David McNamee is a professional triathlete who competes at an international level. As an INCUS Enabled Athlete, David understands that triathlon training is an ongoing process and that there is always room to improve. David talks about the mental side of IRONMAN training and racing and gives advice for those looking to compete in a tough event.
What is the hardest part of an IRONMAN, mentally?
The hardest part of an Ironman mentally is the fact that even if you have a great race, there will have been moments during the race that you have struggled both physically and mentally. Nobody feels awesome the whole way through an Ironman and that is what makes it such a unique challenge.
Generally, my hardest moments mentally come around the 130-150km bike mark and then around the 28-32km mark on the run. These are times when my body is starting to feel tired and there still is a long way to go until the end of the bike or the end of the race.
Do you have any personal mantras that help psych you up for an IRONMAN?
My personal mantra going into an Ironman is very much that I am there to test what I am capable of. To see if I can improve on what I have done before and to go past my previous limitations. I see Ironman as an opportunity to improve my past self.
If there is ever a point when you find yourself struggling during a race, what do you do or think about to stay strong?
When times get tough during a race I always just tell myself "keep moving forward". These words help get rid of any feeling I have of giving up and I also try to remember past races where I have gone through bad patches and then ended up finishing very strongly. Ironman is a physical and mental rollercoaster and it is something you should always remember.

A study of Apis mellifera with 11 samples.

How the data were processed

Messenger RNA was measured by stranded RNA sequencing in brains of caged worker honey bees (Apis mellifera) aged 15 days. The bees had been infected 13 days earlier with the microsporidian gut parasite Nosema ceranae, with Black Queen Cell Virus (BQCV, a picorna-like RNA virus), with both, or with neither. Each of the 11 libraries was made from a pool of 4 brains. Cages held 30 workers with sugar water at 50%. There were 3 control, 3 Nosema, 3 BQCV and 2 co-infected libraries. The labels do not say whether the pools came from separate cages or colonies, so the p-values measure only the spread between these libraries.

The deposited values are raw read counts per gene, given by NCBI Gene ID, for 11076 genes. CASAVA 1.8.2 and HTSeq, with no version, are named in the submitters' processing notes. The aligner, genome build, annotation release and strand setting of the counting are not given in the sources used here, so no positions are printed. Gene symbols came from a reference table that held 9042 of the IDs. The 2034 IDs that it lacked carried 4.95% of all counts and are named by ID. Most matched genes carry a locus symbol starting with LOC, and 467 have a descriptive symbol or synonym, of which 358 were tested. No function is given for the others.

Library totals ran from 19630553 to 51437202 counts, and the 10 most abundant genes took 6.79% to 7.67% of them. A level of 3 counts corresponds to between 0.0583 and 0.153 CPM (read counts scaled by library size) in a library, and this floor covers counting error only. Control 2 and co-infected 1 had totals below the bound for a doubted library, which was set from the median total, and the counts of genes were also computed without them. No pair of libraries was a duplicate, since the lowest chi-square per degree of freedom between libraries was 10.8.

What is your favourite thing about IRONMAN racing?
I think personally my favourite thing about Ironman racing is that it really is a great challenge for yourself both physically and mentally. No matter how the race goes, I feel like I leave it having learned something about myself. I always have something to go away with and to work on to make myself better. Also, it does not matter if you had a good or a bad race, there is always happiness when you get across that finish line.
What advice do you have for people looking to take on IRONMAN racing?
My advice for anyone looking to start Ironman racing is to become consistent in their training and to ask lots of questions from more experienced triathletes. There is a lot to do in order to prepare yourself for an Ironman so make sure you speak up and ask any questions you have.
Also, make sure you have a position on the bike that you are comfortable with - racing for 180km is a long way. Plus, do not wait until race day to test out your nutrition choice. That and make sure you relax and enjoy the experience.
What do you wish you’d known sooner about IRONMAN racing?
I wish I had known more about nutrition and the importance of it earlier in my career. How and when you fuel during a race is vital to the success of it. My early years of racing, I waited too long to start fuelling on the bike and I always struggled later on in the bike leg because of it. Also, to practise my race day nutrition in training so that my body was used to what I was feeding it and to make sure I had no problems with it.
How has INCUS helped you in your triathlon journey?
INCUS has really helped me over the last couple of seasons to become more balanced in both my swimming and running. Especially in the pool, I have worked a lot on making my left side stronger. This has allowed me to become more efficient and when you are racing over such a long distance, efficiency is key.